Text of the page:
The UCSF community is invited to attend a town hall meeting on Tuesday, Feb. 16 with long-time US Senator Arlen Specter (D-PA), who will address the future of health care reform and federal funding to support scientific research.
Specter has long been a champion of the National Institutes of Health (NIH), the primary federal agency responsible for conducting and supporting scientific research. UCSF is the second largest recipient of NIH funds, according to figures released by the agency last year.
Specter is responsible for the $10.4 billion American Recovery and Reinvestment Act allocation to NIH for fiscal year 2009-2010. “It is unusual that one individual can readily be singled out for credit, but in this case, it is easy. Senator Specter was getting political advice, and even concerns from scientists, that $10 billion for NIH was out of reach,” said UCSF School of Medicine Executive Vice Dean Keith Yamamoto, who is actively involved in science policy activities in Washington DC. “Senator Specter accomplished this virtually single-handedly.”
Specter will join UCSF Chancellor Sue Desmond-Hellmann, MD, MPH, for the town hall meeting from 2:30 to 3:30 p.m. in Byers Auditorium in Genentech Hall at the UCSF Mission Bay campus. The town hall will be video simulcast to Rock Hall, room 102, at Mission Bay and the School of Nursing, room 225, on the Parnassus campus.
Senator Specter is expected to give a 10-minute overview of critical issues facing the nation, including reforming health care, the role of academic medical centers in the health care system and the importance of federal funding to support basic and translational research.
For the remainder of the meeting, members of the audience will be able to participate in a 45-minute question-and-answer session with Senator Specter. Specter, who often visits and speaks at universities and high schools, wishes to hear questions, concerns and viewpoints from the UCSF community. “We all owe Senator Specter a great debt of gratitude for his powerful support of NIH research, as well as for his leadership in increasing federal support for education,” said Yamamoto. “It is exciting that he wants to hear from us.”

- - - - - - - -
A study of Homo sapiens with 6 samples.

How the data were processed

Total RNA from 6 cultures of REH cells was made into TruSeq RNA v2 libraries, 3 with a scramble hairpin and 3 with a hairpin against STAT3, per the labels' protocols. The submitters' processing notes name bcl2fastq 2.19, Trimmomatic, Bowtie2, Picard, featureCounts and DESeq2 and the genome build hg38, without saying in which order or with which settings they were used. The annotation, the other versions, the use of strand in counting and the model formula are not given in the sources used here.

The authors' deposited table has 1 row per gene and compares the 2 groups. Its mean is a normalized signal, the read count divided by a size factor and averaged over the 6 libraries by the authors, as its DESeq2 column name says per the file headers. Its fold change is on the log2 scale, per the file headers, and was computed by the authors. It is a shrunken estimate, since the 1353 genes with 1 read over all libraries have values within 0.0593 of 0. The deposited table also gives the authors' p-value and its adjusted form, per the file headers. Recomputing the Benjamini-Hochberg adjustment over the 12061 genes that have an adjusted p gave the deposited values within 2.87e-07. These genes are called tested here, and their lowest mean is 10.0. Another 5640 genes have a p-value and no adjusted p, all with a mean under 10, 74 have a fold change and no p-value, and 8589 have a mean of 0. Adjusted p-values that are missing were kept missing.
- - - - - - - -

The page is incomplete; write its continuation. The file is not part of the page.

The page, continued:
To RSVP for the town hall meeting, please email Jennifer Banaszek.
About Senator Specter
Elected to the United States Senate in 1980, Senator Specter is a senior member of the Senate Judiciary, Appropriations and Veterans Affairs committees. As a senior member of the Appropriations Committee, he has played a key role on the Senate Appropriations Subcommittee on Labor, Health and Human Services, and Education. This subcommittee oversees federal funding for the NIH, the US Centers for Disease Control and educational programs like Pell grants.
Senator Specter has been instrumental in doubling the budget for NIH, which has made major advances in treating Parkinson’s, cancer, heart disease and Alzheimer’s. He is a strong proponent of stem cell research as a means to discover knowledge that may lead to cures for these diseases.
Under his leadership, funding for education has increased by more than 130 percent, which includes boosting funding for scholarships and student loans. He credits his parents, both immigrants, with emphasizing the importance of education.
Specter has supported expanding health care for seniors and children and has proposed legislation to cover the almost 50 million Americans who do not have health insurance. He supports the ongoing efforts to reform health care.
A strong advocate for veterans, Specter has pushed for just treatment for veterans and increased benefits. He is the son of Harry Specter, who was wounded in World War I.
Senator Specter fought off Hodgkin’s lymphoma cancer in 2005 and 2008 after receiving nearly five months of chemotherapy in both cases. In July 2008, he received his last chemotherapy treatment and has since received a clean bill of health.
Born in Wichita, Kansas, Specter grew up in the small town of Russell, Kansas. He is a Phi Beta Kappa graduate of the University of Pennsylvania and served as an editor of the Yale Law Journal.